On this day
On September 11, Americans remembered the tragic events of September 11, 2001, in New York City. The day when hijacked planes slammed into the World Trade Center. Moments later, the iconic building of the American might collapsed killing more than three thousands people. I didn’t post about what I was doing because I was on the road all day and meeting very important people. I was basically on the road the whole day. However, I did join others in commemorating this day and paying my respect to all the families who lost loved ones on that horrific attack that morning, as I was on the road trying to inform the world of our own suffering and death in the hands of the Indonesian government.
On the morning of September 11, our West Papuan Human Rights’ team were on the Capitol Hill talking to people about our situation in West Papua. We met the staff members of one of Virginia’s congressional leaders, Rep. Gerry Connolly (D). We talked to them about the ongoing crisis in West Papua, particularly, the gross ‘Human Rights’ violations against our indigenous, West Papuans, that the world seemed to ignore. I believe the meeting was fruitful. In fact, Rep. Connolly and Virginia Senator Tim Kaine recognized the gross human rights violation in West Papua are are very supportive of our efforts here.
After that meeting, I was on the road again for hours.
Indo-Police bans public rally in Yapen
In the evening, I traveled to NYC to meet visitors at the UN. It is a 4 to 5 hour route that takes people right into the heart of Manhattan. While on the road, I received bad news from home, West Papua. The Indonesian government and police are doing everything possible to prevent West Papuans from expressing their anger and frustration. Public demonstration is one of the hallmarks of a free society, or a democratic country, but not in West Papua under the colonial regime in Jakarta.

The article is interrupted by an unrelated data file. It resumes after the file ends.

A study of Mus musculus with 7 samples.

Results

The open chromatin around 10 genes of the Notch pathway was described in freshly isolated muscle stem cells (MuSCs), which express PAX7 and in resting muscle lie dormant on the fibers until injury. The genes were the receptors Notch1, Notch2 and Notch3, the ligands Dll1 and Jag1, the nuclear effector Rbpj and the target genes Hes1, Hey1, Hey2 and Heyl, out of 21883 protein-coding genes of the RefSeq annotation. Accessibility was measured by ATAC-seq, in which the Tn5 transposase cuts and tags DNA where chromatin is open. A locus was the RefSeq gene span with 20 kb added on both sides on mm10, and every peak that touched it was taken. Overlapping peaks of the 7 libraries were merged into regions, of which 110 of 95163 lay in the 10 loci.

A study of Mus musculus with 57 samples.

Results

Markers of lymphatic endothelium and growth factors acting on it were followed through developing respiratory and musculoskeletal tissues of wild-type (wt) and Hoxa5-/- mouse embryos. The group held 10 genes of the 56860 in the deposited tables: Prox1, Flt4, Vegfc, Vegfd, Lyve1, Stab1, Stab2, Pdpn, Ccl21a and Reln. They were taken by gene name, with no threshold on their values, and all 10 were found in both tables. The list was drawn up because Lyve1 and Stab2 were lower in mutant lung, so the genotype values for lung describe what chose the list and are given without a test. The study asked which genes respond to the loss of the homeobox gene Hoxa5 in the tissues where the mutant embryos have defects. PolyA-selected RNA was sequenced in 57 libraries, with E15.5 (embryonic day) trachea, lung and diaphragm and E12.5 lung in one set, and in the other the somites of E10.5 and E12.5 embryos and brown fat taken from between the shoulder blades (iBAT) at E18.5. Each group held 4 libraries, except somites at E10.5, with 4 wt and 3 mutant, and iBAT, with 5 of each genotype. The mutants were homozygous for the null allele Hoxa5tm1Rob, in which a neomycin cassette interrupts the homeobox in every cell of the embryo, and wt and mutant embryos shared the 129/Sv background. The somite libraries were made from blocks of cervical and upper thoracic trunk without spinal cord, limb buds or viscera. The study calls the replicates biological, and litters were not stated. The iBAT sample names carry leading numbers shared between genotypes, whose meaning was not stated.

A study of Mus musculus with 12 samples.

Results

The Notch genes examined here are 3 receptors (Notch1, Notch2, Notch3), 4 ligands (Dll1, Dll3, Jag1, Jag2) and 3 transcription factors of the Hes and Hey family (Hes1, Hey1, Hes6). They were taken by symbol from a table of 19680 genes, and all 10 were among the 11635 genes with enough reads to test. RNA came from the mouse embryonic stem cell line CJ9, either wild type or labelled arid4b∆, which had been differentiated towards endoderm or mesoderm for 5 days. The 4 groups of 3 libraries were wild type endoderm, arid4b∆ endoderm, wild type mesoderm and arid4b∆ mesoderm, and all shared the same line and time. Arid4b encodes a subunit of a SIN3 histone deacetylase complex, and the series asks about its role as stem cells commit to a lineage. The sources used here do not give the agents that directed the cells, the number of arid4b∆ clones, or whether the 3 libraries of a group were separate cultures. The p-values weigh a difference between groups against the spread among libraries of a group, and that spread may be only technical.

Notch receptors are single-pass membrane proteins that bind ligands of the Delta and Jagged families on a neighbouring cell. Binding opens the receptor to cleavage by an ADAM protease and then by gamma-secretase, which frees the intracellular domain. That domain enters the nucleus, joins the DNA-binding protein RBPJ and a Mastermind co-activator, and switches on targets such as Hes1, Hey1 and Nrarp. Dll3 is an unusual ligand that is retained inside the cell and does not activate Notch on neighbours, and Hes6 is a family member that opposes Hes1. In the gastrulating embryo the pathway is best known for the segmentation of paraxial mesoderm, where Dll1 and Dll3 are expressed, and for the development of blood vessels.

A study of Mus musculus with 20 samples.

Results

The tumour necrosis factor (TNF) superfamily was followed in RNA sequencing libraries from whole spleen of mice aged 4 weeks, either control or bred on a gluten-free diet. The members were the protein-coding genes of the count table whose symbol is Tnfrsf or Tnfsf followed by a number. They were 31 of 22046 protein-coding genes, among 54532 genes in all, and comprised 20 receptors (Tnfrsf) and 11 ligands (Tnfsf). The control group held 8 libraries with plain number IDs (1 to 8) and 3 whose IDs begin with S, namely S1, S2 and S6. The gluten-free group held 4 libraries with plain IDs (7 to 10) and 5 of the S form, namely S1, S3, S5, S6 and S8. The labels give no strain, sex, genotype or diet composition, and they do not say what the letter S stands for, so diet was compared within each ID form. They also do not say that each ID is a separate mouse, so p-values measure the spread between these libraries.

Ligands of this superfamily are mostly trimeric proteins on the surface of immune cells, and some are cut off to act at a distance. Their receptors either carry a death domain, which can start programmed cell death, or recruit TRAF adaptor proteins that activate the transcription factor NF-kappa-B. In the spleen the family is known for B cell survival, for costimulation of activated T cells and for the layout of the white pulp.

Our local Yapen activists understand that “nonviolent methods” are the ways to deal with a violent opponent, especially one which has one of the largest military forces in the world. To do this the peaceful way, our activists wrote to the police and informed them of their upcoming coming rally. The letter was sent on September 3rd. A follow-up letter was sent on September 11th – a little over a week, again, reminding the Indonesian police of the indigenous people’s desire to hold a public rally in Yapen on September 16. There was no response to both letters. So, on September 12, leaders of the village and their supporters marched to the police station and delivered a letter- signed by more than 70 tribal representatives of various villages to the head of police.
Instead of responding to the letter, the Indonesian police took the leaders of the group, Filipus Robaha and Sius Ayemi, into the station and interrogated them for a few hours as if they had committed a horrendous crime. Afterward, they were released and told to inform their group that the Indonesian government and police do not authorize any public rally because they suspected the group was working with the West Papuan Human Rights Center in Washington, D. C. This is appalling!
The rally must continue
Even though they are not allowed to protest, WPHRC is aware that the group is intending to carry out their program as planned. We will update this page if that happens.
We encourage all West Papuans back home to continue putting pressure on Indonesia. There’s no room for negotiation. The tactic used by the president of Indonesia is not new. We’ve seen this propaganda being played out in the past; one which, the president speaks peacefully about unity, peace and calm, while his military generals violently arrest peaceful protesters and execute others! 50 years is a long period of time to negotiate, and they did absolutely nothing. Human Rights lawyer Veronica Koman was right – Indonesia doesn’t care about us, they only care about our resources!
Stay strong to the struggle and keep your heads up! Say no to violence and race your voice! It’s your home, your land, your right! Claim them!